Following our cyber security roundtable discussion in February, here, we look at the key themes that emerged from a very insightful conversation

Date: 28 February 2019
Location: Duck & Waffle, London

  • Charles Antelme – Managing Partner, Skarbek Associates
  • Jano Bermudes – Director, Global Legal Technology Solutions, Ankura Consulting Group
  • Simon Colvin – Partner, Weightmans
  • Chris Crowther – Chief Information Officer, KCS Group Europe
  • Edward Lewis – Partner, Weightmans

As well as delegates from Lawyers in Local Government, London Borough of Hackney, Metropolitan Police, NEC Group and the Royal Borough of Kingston Upon Thames.

Key takeaways

  • Cyber attacks have grown in sophistication and become more targeted in the past five years
  • Organised crime syndicates see cyber attacks as a key revenue generator
  • Simple security measures like good password discipline and multi-factor authentication can make a big difference
  • Fostering a culture of awareness right across organisations is key
  • Senior executives must lead by example and put robust governance in place
  • Technology is a transformative enabler, but organisations must manage the associated threats

Cyber security breaches have become an everyday event. Week in, week out the media publishes stories of organisations being disrupted or held to ransom by hackers and of sensitive customer data being leaked.

For organisations of all sizes today, it is a question of not if but when they will suffer a significant data breach.

The consequences of such breaches vary widely, from a minor inconvenience to serious financial or reputational damage that can jeopardise the viability of a business.

As part of a series of General Counsel and Senior In-House Lawyer events, we held a roundtable, under Chatham House rules, to discuss the threats and best practice for mitigating them which brought together our CyXcel* experts including forensic analysts, legal experts, law enforcement and senior cyber security experts.

The aim was to look at cybercrime through the lens of business owners and financial stakeholders and to ask how the threat can be managed.

Here we will relay the key themes that emerged from what was a very insightful discussion.

An increasingly sophisticated threat

The level of professionalism and technological sophistication of hackers has developed rapidly in recent years.

Only five years ago, cyber attacks tended to belong to two broad categories – high-end, often state-backed operations and unsophisticated attacks by low-level scammers or brazen bedroom hackers.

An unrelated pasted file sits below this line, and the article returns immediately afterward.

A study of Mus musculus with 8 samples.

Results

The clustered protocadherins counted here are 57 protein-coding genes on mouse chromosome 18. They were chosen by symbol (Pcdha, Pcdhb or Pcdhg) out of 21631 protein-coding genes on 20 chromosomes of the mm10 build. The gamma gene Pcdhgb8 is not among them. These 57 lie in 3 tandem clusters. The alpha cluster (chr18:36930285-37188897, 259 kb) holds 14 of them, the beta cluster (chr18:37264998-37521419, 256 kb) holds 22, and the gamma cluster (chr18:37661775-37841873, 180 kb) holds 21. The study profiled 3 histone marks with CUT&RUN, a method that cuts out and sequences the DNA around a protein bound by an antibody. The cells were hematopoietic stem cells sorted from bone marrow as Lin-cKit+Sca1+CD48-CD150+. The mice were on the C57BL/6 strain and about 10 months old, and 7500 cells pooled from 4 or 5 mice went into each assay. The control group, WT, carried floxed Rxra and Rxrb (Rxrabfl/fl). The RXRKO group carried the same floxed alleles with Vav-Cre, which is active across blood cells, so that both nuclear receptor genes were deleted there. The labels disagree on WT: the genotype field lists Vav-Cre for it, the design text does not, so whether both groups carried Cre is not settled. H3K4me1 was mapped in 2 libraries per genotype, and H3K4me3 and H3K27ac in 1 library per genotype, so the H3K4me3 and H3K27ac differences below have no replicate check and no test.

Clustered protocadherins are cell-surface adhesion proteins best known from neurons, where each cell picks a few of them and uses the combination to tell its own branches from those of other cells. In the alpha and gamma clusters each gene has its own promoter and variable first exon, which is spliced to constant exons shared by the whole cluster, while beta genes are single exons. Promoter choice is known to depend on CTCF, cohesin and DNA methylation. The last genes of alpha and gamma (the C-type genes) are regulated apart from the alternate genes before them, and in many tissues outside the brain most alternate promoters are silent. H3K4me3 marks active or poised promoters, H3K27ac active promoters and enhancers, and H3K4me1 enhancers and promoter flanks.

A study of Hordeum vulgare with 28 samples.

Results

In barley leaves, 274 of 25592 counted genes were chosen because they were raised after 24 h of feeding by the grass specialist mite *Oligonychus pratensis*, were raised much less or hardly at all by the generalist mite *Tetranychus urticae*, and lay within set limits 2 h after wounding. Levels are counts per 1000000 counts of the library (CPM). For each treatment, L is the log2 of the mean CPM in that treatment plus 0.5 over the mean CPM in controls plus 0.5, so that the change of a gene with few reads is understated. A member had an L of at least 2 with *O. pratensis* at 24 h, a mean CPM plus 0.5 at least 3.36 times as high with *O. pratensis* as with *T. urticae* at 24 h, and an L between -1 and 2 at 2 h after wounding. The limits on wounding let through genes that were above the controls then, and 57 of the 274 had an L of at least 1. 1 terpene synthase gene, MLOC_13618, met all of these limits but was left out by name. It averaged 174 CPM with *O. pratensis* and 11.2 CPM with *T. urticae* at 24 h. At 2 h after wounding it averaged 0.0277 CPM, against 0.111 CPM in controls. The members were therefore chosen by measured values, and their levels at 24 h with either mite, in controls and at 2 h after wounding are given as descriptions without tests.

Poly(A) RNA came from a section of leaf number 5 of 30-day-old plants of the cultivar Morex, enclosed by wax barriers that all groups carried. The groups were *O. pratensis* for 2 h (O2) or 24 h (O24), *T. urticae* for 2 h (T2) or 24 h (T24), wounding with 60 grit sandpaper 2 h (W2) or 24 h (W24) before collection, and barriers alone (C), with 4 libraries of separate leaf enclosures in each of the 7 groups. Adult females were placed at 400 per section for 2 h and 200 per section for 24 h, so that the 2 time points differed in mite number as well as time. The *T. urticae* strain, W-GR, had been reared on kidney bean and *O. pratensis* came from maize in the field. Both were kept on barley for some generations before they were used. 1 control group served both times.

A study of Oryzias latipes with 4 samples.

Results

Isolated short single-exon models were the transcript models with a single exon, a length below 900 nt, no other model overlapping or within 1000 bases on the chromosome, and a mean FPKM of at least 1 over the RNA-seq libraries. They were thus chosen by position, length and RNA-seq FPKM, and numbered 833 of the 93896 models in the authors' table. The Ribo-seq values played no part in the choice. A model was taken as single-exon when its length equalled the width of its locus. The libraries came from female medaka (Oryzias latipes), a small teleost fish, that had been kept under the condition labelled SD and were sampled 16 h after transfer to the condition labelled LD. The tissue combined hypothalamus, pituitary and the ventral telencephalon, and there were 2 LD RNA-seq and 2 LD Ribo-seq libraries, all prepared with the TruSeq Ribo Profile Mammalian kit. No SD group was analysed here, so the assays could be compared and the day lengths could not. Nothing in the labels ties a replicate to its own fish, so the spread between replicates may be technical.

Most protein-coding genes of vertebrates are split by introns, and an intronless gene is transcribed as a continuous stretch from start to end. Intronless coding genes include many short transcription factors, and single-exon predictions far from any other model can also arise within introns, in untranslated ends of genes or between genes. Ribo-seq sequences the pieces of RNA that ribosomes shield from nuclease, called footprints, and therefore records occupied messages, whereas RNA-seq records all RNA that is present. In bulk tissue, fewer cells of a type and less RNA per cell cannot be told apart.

Today, however, cyber crime is used to generate funds by organised criminal syndicates. This has seen a move away from the data breaches for their own sake, towards direct attempts to monetise the activity through highly targeted and efficient breaches.

These intruders carry out reconnaissance to extract the most value and they have developed advanced malware that can spread rapidly and silently throughout an organisation.

So what can organisations do to become more resilient against this increasing threat?

Processes and culture

A large proportion of attacks could be prevented simply by making it harder for intruders to gain access to user accounts.

Most cyber attacks are carried out through email servers or platforms such as Microsoft 365, so multi-factor login authentication – where users need not only a password but also a secondary verification method – can have a big impact.

Fostering awareness of the threat and training individuals on best practice is also key. Just as with health and safety compliance, basic cyber security and the requirements of the General Data Protection Regulation (GDPR) mean every individual in the business should be trained and familiar with the basic operating procedures.

This awareness will bring practical benefits too, as users will be more understanding of enhanced security measures.

Of course, implementing this culture throughout a business requires leadership and this must be driven by its most senior people, with the right governance structures in place to implement it all levels.

It is also at this senior level where there is the need for organisations not just to be aware of threats, but also to contextualise their threat intelligence – i.e. what do threats actually mean for them. It is too easy to drive yourself mad with paranoia and a feeling of helplessness. Contextualisation brings clearer perspectives on the risk for coming to harm and thus in turn the measures that can be taken to move out of harm’s way.

Harnessing the benefits of cyber

Digital technology is a vital enabler in a vast array of different ways, opening new markets and delivering another level of efficiency and collaboration.

However, in order to harness these benefits, it’s vital for organisations to be aware of and to manage the new risks that reliance on digital systems has created.

We would like to take this opportunity to thank all of those who attended the event for their invaluable contributions. For further information regarding the programme of events for our General Counsel and Senior In-House Lawyers, please contact Simon Colvin.

*CyXcel is a 360-degree approach to information security, data protection and privacy, with an emphasis on cyber resilience, incident planning and response.